Former Vice President Joe Biden leads a Democratic field of 15 candidates and is the strongest candidate against President Donald Trump, according to a Suffolk University/USA TODAY nationwide poll of registered voters.
Biden (23 percent) led Vermont Sen. Bernie Sanders (14 percent), Massachusetts Sen. Elizabeth Warren (13 percent), South Bend Mayor Pete Buttigieg (8 percent), former New York City Mayor Michael Bloomberg (6 percent), Sens. Amy Klobuchar and Cory Booker (tied at 3 percent), and businessman Andrew Yang (2 percent). The other candidates received less than 1 percent each, while 25 percent of likely Democratic primary voters and caucus-goers were undecided.
The poll shows Biden dominating among African-American voters, leading Sanders, his closest competitor, 42 percent to 11 percent in this important demographic; no other candidate reached double digits among this group of voters.
“Joe Biden keeps chugging along,” said David Paleologos, director of the Suffolk University Political Research Center in Boston. “His strong position nationally is due to the loyalty of African-American voters who remember his wingman support of President Obama and his administration.”
Biden also was the strongest general-election candidate against Trump, though all Democrats ran second to Trump when a generic third-party option was presented. In that scenario Trump (44 percent) led Biden (41 percent), with 11 percent of voters saying they would choose a third-party candidate and 4 percent undecided. Sanders, Warren, Buttigieg, and Bloomberg each trailed Trump by between 5 and 10 points.
Bloomberg ad blitz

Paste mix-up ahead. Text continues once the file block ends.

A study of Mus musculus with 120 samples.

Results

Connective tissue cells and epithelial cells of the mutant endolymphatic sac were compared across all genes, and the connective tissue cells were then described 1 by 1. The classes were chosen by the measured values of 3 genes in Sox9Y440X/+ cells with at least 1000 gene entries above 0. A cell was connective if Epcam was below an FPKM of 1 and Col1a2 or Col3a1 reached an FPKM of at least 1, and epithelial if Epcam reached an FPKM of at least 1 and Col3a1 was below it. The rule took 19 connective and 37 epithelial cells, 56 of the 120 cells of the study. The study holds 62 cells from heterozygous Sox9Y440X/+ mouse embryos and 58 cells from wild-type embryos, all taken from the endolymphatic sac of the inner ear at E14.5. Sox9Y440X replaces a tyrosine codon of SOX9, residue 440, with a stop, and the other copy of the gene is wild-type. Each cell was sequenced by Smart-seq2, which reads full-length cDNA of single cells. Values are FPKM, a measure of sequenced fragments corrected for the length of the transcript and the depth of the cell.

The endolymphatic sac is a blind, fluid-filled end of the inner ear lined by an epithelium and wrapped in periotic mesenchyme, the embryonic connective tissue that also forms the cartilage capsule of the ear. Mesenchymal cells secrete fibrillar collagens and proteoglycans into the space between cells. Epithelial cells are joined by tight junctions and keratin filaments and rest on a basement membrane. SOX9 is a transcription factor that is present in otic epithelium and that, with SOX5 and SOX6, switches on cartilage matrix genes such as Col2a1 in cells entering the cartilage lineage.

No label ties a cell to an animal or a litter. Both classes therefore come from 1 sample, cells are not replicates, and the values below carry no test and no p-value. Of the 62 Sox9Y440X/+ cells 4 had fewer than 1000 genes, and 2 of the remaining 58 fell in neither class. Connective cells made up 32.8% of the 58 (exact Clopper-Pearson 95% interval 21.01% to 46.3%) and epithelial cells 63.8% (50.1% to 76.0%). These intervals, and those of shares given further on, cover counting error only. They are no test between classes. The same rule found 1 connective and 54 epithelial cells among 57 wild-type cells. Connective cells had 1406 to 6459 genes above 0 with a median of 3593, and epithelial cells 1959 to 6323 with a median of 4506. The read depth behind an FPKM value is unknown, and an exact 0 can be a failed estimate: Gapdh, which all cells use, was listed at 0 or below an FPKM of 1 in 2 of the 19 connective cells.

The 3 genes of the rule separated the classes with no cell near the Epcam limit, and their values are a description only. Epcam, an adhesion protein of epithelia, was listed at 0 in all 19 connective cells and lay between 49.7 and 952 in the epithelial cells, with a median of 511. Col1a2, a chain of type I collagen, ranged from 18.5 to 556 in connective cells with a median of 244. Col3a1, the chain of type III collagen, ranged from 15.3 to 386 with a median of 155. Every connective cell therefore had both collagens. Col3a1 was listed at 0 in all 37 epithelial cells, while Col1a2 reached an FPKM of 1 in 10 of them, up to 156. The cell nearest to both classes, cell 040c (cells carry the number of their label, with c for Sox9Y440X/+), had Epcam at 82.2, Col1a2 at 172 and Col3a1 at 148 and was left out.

Bloomberg’s massive political ad buy over the past several weeks appears to have had an impact; he has vaulted into fifth position among Democrats. A majority of registered voters (58 percent) reported seeing his ads, while 40 percent had not. Among those voters who had seen the ads, 7 percent said the ads were very convincing, 28 percent indicated somewhat convincing, 21 percent said not very convincing, and 38 percent said not at all convincing. Among those who did find his ads convincing, Bloomberg was running second at 12 percent to Biden’s 28 percent, followed by Buttigieg at 11 percent; Warren, 9 percent; and Sanders, 6 percent.
Attitudes about impeachment
The House of Representatives was preparing to vote on two articles of impeachment as the survey was conducted, and voters’ responses show the country sharply divided on the issue. Forty-two percent of voters said the House should drop its investigations into the president and his administration, while 41 percent believe the House should vote to impeach Trump. Nearly 14 percent said the House should continue investigating Trump but should not impeach him. In the event of Trump’s being impeached, 51 percent said the Senate should not convict him, and 45 percent said the Senate should convict him and remove him from office.
However, impeachment as an issue ranked 11 among 12 voter concerns. In a question that accepted multiple responses, voters cited the economy (53 percent), health care (48 percent), and immigration (40 percent) as the most important issues influencing their vote for president, while 19 percent selected impeachment.
Given a list of public figures and political parties, voters had a positive reaction to only one: Melania Trump (49 percent favorable–27 percent unfavorable). A plurality disapproved of all others, including the president (52 percent unfavorable–44 percent favorable).
The nationwide survey of 1,000 voters was conducted Dec. 10–14 using live telephone interviews of households where respondents indicated they were registered to vote. The margin of error is +/-3 percentage points at a 95 percent level of confidence. The margin of error for the subset of 384 voters who plan to vote in their state’s Democratic primary or caucus is +/- 5.0 percentage points. The margin of error for the subset of the 329 Republican respondents who plan to vote in their state’s Republican primary or caucus is +/- 5.4 percentage points. Results are posted on the Suffolk University Political Research Center website. For more information, contact David Paleologos at 781-290-9310, firstname.lastname@example.org.